Russell Group sticks by ‘preferred subjects’ list – but still has no evidence

Russell Group sticks by 'preferred subjects' list - but still has no evidence

The Russell Group has continued to advise pupils to take a group of “preferred subjects” at A-level to help them to get into top universities, despite research suggesting that they are not necessary.

The higher education group, which represents 24 “elite” universities such as LSE, Oxford and Cambridge today released the fifth edition of its informed choices guide aimed at helping pupils to make better A-level choices.

Its list of “facilitating subjects” recommends one or more of the government’s new EBacc subjects at A-level as those most often wanted by universities, and as being good for “keeping options open”.

This is despite former chair of the education select committee Graham Stuart asking the group to produce research to back up its belief about “facilitating subjects”, after it was questioned in a study by think tank LKMco.

The subjects include maths, further maths, English literature, physics, biology, chemistry, geography, history and languages.

Schools Week editor Laura McInerney carried out the research for LKMco in 2013, finding that some subjects not on the list appeared to help applicants to get a place ahead of those on the list.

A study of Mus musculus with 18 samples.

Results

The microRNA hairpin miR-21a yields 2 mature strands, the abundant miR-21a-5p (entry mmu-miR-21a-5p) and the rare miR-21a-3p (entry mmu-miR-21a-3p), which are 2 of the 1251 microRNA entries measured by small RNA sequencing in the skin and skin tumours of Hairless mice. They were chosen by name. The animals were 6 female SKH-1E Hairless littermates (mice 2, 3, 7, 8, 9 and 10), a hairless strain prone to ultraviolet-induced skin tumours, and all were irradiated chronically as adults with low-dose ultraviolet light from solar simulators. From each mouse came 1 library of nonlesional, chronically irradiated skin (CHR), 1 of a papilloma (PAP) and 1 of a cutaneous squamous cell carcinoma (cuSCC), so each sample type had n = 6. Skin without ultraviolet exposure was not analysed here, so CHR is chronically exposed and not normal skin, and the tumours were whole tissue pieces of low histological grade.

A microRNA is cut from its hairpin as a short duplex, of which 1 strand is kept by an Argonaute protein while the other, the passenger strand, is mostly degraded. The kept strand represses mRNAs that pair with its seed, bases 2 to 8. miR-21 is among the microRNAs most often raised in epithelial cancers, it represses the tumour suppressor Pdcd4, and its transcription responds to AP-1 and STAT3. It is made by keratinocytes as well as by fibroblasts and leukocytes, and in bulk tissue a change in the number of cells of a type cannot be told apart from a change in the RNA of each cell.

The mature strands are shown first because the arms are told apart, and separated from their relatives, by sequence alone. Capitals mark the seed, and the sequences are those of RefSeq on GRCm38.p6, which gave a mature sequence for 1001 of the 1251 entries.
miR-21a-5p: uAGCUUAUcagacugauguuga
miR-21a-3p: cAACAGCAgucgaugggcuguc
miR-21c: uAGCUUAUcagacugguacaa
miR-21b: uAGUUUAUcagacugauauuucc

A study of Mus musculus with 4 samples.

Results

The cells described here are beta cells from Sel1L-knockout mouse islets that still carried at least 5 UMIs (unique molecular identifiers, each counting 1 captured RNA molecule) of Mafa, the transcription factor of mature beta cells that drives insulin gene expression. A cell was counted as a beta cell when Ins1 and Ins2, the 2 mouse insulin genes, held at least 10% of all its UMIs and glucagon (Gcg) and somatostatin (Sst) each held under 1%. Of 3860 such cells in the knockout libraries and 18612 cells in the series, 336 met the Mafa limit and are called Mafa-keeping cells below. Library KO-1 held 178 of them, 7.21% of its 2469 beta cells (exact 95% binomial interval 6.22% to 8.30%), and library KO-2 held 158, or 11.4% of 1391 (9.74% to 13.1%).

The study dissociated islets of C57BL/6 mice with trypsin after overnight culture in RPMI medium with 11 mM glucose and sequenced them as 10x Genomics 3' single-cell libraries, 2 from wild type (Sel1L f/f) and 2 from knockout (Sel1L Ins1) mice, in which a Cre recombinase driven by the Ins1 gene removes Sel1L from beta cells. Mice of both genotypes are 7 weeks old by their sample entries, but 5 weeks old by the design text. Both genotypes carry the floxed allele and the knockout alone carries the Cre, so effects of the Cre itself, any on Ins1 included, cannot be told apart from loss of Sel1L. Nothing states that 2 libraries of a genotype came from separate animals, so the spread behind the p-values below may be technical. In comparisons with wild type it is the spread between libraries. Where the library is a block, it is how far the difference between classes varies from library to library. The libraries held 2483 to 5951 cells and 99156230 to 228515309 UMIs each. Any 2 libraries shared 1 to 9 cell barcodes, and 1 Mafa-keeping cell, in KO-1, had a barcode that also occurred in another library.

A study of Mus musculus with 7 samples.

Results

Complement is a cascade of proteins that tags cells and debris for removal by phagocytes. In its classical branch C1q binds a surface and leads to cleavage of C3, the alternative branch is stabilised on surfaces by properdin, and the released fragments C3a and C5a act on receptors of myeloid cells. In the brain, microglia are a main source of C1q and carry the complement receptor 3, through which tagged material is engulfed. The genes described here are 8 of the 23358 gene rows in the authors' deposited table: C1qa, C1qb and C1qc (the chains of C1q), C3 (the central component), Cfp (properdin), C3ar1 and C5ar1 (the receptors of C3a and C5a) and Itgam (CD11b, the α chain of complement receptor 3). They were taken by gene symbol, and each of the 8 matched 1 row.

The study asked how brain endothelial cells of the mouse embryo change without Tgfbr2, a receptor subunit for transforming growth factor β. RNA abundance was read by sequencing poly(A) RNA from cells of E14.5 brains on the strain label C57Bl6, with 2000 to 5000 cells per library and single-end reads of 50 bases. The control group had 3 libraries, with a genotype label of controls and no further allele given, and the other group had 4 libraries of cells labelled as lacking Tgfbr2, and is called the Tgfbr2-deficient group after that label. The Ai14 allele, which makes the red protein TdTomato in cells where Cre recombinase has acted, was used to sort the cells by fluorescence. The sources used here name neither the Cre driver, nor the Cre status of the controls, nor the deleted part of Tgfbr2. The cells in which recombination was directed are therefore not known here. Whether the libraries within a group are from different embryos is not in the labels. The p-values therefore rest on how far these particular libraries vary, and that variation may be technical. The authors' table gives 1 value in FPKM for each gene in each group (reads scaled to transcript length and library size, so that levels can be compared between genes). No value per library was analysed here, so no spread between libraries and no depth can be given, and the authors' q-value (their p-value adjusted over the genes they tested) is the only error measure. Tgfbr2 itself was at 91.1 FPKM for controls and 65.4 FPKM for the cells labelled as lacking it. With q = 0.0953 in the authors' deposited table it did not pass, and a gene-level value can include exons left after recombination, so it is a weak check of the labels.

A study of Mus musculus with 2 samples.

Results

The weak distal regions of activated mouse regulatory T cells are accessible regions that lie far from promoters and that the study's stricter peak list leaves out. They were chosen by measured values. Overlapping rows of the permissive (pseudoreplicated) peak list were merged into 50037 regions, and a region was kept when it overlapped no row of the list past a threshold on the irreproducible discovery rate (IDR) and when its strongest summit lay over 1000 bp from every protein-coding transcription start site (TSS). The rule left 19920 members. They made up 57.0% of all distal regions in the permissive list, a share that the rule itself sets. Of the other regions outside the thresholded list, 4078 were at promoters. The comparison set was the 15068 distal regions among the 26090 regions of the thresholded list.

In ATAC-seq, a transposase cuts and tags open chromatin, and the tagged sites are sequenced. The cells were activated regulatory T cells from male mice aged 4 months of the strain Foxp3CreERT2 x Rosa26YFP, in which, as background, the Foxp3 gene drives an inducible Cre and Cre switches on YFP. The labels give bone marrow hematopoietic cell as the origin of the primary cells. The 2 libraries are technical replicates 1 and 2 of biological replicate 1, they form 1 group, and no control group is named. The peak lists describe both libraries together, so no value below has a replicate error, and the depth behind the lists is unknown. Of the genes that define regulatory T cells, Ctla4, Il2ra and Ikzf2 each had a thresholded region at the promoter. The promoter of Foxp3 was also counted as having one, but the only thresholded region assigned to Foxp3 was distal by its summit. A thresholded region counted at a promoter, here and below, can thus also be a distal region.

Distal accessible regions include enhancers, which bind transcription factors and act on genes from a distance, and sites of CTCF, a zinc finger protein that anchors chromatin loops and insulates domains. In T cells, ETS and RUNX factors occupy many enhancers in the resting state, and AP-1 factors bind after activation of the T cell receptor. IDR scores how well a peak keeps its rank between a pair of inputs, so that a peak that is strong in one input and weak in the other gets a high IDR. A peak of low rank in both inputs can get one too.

Applicants should not be “short-changed by incomplete or inaccurate advice”

The research involved asking Russell Group universities for data on the number of people applying to popular courses with a particular A-level subject, and what proportion got in.

The research found that drama and economics were good predictors of entry to an essay-based subject at a Russell Group university, even though they were not on the list, suggesting the facilitating subjects were not truly “preferred”.

Graham Stuart, chair of the education committee at the time, said applicants should not be “short-changed by incomplete or inaccurate advice”.

The Conservative MP asked the group what research it had done on the issue and said if none existed, it should commission some.

Three years later and the group has still not carried out specific research, yet still included the list in its new informed choices guide.

A spokesperson, however, said the guide was constructed with input and guidance from the group’s admissions tutors, and was evidence of what the top universities specifically looked for in applicants.

He told Schools Week: “Facilitating subjects are those that are most commonly required for entry on to degree courses at Russell Group universities.

“If a particular subject is not listed as a facilitating subject, this is because it is not generally required for entry. This classification does not imply any judgment about the importance of the subject per se; it merely reflects typical university entrance requirements.”

The spokesperson said that computer science, for instance, was not a facilitating subject but the group included it as a “useful subject” for courses in sciences, engineering and economics when the informed choices guide was updated in December 2013.

However, Schools Week found that to study a degree in geography at the University of Oxford, students did not have to have a geography A-level, for example, but for a music degree they were expected to have studied music.

The spokesperson added that the group would direct “students, parents and teachers in the direction of admissions teams at our universities who can give specific information about the subjects required for particular courses”.